Saturday, November 17, 2012

Exploring multimodal learning

I have long been interested in the way educators can use a variety of learning styles to augment their teaching and promote students' learning. In particular, I have advocated using audiobooks since my early teaching days. Recently, I have started exploring using iPad book apps as an integrated multimedia reading experience. So I was particularly interested in reading a research report published by Cisco, done by the Metiri Group:
Metiri Group (2008). Multimodal learning through media: What the research says. Retrieved from
As cognitive neuroscientists and education researchers have come to understand the way that the human brain processes information, it has become clear that we process visual information using different channels in the brain than linguistic information. In their review of the research on multimodal learning, the Metiri Group (2008) notes,
Recent technological advances through functional Magnetic Resonance Imaging (fMRI) scans confirm a dual coding system through which visuals and text/auditory input are processed in separate channels, presenting the potential for simultaneous augmentation of learning. The bottom line is that students using well-designed combinations of visuals and text learn more than students who only use text. (p. 3)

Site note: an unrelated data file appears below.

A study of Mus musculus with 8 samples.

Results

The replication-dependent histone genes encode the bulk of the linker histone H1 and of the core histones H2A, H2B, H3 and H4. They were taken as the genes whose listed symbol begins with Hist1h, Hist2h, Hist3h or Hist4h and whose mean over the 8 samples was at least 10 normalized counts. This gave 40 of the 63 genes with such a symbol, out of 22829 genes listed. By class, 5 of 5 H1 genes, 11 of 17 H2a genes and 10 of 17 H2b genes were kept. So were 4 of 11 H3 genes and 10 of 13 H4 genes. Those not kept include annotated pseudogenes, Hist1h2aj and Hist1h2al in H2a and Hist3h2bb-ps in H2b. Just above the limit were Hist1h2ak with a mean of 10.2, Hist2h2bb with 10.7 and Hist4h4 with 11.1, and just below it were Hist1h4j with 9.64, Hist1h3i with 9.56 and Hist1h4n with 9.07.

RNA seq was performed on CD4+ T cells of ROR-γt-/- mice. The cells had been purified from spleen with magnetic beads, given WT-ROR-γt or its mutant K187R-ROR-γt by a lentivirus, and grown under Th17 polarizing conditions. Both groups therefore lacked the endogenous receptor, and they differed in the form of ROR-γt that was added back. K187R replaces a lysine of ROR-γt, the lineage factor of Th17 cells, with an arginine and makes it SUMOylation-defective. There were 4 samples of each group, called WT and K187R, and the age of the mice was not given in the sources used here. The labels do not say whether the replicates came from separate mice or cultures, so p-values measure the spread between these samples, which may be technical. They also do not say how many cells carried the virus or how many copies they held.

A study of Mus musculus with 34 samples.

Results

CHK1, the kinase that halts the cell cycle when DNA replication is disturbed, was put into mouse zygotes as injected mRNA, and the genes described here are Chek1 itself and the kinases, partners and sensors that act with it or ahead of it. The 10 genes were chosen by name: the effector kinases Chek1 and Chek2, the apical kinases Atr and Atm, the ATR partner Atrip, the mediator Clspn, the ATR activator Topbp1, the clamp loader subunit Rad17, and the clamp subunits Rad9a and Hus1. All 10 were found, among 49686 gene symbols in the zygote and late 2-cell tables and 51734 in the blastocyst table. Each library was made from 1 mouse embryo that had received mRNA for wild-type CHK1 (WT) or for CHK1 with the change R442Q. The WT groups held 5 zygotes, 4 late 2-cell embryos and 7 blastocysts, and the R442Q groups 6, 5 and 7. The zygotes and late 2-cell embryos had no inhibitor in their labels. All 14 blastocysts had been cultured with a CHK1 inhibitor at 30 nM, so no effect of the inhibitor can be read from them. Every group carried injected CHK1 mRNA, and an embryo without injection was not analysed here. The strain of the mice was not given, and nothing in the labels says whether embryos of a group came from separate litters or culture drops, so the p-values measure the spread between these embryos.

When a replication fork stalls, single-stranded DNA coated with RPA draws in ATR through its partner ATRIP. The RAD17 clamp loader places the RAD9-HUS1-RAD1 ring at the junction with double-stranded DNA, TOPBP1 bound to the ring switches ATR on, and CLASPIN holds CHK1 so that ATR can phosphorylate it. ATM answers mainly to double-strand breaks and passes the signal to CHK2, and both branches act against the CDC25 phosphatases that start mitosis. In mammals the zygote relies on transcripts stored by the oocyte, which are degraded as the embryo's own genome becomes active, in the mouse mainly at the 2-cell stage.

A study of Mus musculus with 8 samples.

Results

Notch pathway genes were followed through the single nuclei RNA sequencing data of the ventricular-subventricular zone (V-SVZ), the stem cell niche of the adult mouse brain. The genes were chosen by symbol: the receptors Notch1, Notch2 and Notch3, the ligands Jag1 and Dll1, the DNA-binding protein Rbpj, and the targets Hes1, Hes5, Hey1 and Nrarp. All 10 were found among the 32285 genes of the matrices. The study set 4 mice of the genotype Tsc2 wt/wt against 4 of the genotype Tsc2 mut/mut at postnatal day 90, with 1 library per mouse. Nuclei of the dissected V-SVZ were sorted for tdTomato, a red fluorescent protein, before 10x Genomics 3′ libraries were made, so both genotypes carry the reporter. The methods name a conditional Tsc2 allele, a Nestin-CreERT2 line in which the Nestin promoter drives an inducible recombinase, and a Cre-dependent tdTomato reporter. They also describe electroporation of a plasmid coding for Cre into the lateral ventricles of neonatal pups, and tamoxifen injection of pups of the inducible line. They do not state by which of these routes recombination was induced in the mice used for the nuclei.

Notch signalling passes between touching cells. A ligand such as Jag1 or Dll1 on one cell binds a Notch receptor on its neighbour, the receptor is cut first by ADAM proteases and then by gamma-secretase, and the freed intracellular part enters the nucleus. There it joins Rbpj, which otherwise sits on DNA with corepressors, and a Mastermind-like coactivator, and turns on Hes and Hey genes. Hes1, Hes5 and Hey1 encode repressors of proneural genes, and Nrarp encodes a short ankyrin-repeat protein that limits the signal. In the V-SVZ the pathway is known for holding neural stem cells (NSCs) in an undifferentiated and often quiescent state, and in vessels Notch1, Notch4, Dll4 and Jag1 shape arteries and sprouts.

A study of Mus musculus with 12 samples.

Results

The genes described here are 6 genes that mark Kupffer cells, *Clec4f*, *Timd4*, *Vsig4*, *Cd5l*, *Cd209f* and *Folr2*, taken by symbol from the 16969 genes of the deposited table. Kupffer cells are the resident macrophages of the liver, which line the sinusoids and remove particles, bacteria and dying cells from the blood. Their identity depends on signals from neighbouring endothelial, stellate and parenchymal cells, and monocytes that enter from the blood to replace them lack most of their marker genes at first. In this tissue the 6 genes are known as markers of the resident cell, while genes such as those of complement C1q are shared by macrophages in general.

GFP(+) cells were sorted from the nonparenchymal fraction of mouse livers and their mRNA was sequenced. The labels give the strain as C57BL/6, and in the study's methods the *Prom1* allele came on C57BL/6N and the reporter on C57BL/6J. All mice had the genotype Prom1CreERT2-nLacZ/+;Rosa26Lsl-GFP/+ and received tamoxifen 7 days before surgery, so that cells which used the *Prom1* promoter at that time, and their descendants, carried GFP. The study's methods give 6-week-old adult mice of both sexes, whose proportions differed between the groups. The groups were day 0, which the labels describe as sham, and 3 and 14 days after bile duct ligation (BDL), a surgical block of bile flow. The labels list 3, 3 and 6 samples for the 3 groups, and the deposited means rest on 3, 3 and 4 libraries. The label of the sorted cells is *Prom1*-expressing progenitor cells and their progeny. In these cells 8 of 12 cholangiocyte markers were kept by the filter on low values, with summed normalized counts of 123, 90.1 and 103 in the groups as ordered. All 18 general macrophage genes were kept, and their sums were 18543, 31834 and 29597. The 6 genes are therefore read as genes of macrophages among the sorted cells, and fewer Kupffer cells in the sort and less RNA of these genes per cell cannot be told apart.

This combination of inputs through multimodal learning can be achieved in many ways. A lecture augmented by clear visuals and printed notes helps students see and hear the information. Likewise, a well-designed book app or CD-ROM storybook makes clear use of this type of multimodal input. Multimedia books like book apps can combine bright illustrations and appealing animation, narration both of the text and of the character’s dialog, written text for this narrative and dialog, and interactive features that bring the reader to touching the screen to activate dialog and movement.

Several principles of multimedia learning and design can be applied to the understanding of effective book apps. The Metiri Group (2008) summarizes several principles of multimedia design that affect learning. Students learn better when words and pictures are combined near each other and simultaneously - not several pages later. They learn better when content is focused and concise; input from different channels should be related but not redundant or duplicated. Individuals will benefit from design effects in different ways, with particular effect being noticed by low-knowledge or high-spatial learners. And finally, narration combined with animation supports understanding better than animation and text only, without narration.

It is of particular interest that much of the research examined by the Metiri Group (2008) focused on older students and higher order thinking, but it applies equally well to multimedia digital books for beginning readers. These readers need multiple inputs to support their efforts at making meaning from books. As Grimshaw, Dungworth and McKnight (2007) note, multimodal features such as narration, word pronunciation, sound effects and animation can help remove the effort from decoding individual words and help children focus on making meaning from texts. The question at hand is whether these these multimedia elements can really enhance understanding of stories or nonfiction, or whether they are essentially entertainment. How does reading these multimedia texts differ at its essence from reading traditional print books?